Florida International University Uses Microbrewery To Brew Jobs
Written by Rachel Tannenbaum on March 29, 2012
By Rachel Tannenbaum
Florida International University’s new microbrewery, on tap to open near year’s end on its North Miami Beach campus, will make the hospitality school’s students better candidates for the global job market, says the college’s dean.
Mike Hampton, dean of the Chaplin School of Hospitality & Tourism Management, said his mission is to produce the best possible graduates and this new research program will further students’ expertise.
Most hospitality programs, he said, don’t have any kind of brewery like the one now chugging ahead at FIU.
"This program will help students appreciate the research and developmental side of hospitality," Dr. Hampton said. "We aren’t just offering services but also a technical side, which will help them become better rounded."
The college already had brewing science classes in its curriculum, he said, so the new microbrewery will replace the former laboratory and classrooms.
"The new facility will replace the older, basic facility with a new set of equipment. It will be more organized," Dr. Hampton said.
Years ago, Dr. Hampton said, the college’s leaders sat down to see how they could take hospitality to next level. With the program then focused more on the curriculum, almost exclusively on the service aspect, he said, the college wanted to broaden students’ education.
"This lab will help students as they move into the marketplace," he said.
Funded by Miami-based Southern Wine & Sprits of America, Florida’s largest alcoholic drinks distributor, the project is expected to cost up to $6 million.
"This will raise the caliber of scientific study for our students," Dr. Hampton said. "This will give us a better understanding of nutritional values and the chemical makeup."
The microbrewery will give students better knowledge of how to brew beer to satisfy commercial needs, said Dr. Barry Gump, professor of beverage management.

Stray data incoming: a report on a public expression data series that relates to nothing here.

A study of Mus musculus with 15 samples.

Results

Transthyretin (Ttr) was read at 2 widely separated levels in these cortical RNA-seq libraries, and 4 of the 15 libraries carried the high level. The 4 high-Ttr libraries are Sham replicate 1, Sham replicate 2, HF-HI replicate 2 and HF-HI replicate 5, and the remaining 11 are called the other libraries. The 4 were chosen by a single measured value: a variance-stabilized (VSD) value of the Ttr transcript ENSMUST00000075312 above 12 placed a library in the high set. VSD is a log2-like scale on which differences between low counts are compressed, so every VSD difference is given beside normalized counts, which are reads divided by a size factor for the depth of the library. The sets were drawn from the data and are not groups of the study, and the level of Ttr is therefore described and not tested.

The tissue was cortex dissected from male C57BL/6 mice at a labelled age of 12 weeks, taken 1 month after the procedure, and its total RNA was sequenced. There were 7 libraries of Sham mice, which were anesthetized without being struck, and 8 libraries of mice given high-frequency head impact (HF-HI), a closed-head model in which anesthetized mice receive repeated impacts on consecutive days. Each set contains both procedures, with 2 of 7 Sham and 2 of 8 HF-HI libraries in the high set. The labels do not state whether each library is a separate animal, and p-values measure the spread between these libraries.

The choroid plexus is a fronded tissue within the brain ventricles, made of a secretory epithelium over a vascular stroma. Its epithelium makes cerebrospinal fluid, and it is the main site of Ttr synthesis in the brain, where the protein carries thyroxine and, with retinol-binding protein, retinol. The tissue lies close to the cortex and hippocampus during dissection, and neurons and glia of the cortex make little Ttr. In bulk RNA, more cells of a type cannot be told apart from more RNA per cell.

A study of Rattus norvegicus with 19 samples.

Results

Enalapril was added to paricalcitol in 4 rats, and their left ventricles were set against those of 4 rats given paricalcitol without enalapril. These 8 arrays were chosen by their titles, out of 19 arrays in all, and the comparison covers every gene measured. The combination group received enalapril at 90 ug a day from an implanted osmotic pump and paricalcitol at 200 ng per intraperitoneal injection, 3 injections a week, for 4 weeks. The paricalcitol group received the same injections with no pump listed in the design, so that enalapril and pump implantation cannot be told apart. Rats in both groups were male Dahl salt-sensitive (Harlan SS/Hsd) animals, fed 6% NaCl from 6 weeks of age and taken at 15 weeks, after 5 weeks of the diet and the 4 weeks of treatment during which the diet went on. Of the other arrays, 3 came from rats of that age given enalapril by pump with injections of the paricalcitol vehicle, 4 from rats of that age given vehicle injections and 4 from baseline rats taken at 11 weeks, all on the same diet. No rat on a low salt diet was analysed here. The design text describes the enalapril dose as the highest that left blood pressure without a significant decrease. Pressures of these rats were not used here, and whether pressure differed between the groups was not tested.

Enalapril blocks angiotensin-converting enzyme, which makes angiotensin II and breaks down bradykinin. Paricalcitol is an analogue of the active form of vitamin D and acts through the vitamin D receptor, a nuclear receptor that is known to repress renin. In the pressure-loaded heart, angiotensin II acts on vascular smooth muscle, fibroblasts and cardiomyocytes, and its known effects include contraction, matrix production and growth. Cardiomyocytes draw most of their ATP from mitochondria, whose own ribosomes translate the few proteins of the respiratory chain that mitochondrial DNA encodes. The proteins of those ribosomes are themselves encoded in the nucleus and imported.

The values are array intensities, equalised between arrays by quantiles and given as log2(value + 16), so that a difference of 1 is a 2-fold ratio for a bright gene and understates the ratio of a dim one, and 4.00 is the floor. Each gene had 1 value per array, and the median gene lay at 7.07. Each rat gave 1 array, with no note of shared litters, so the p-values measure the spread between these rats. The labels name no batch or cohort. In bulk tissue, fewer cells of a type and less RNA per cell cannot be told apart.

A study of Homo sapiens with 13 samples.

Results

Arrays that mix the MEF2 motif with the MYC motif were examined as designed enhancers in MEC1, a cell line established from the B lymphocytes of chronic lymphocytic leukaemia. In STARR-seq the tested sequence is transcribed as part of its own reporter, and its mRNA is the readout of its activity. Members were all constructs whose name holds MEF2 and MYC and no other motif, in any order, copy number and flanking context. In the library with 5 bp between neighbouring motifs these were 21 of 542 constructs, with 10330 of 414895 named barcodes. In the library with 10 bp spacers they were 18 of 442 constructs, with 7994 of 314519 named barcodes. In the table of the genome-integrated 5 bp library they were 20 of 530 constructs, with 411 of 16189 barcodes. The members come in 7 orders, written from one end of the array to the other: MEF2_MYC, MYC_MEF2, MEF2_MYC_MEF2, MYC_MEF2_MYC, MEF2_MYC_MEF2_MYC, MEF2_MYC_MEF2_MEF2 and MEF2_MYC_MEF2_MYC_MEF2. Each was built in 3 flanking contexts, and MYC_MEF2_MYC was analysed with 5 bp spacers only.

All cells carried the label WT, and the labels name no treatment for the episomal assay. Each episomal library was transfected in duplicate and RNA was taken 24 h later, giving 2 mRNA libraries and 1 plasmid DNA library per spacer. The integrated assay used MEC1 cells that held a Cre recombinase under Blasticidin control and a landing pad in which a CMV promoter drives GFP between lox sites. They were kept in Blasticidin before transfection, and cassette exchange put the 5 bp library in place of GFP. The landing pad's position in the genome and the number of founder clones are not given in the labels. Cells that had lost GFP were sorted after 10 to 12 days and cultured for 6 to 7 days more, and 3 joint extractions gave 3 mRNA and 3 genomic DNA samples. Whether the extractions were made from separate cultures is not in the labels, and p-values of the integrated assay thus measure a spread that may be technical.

"It will help to make them better entrepreneurs," he said.
The project has broken ground, Dr. Gump said, and the old equipment has been ripped out with hopes the facility will be ready by the end of the fall semester.
Besides the academic side of brewing, he said, brewing is something students can continue as a hobby, because the new lab will be able to further their studies.
"The equipment is very advanced, with automatic computer control," Dr. Gump.
The state-of-the-art facility, Dr. Hampton said, will enable students to experiment with different grains and yeast.
"They will be able to experiment with different flavorings to see what makes a beer a beer," he said. "This facility will give them the environment to experiment."
With eateries that brew their own beers, like Titanic Restaurant and Brewery in Coral Gables, Dr. Hampton said, program graduates will have the experience to manage not only the restaurant side but also the brewing side.
"If Titanic wanted to grow, where would they find managers that could look after both?"
he asked. "No one is really satisfying that need, and we want our students to be able to."
Beverage specialization is a major part of what is taught in the college, he said, and he’s excited about the new microbrewery.
"There is nothing really like this in South Florida. It will be a new resource for education," Dr. Hampton said. "This will be significant for a wide range of people."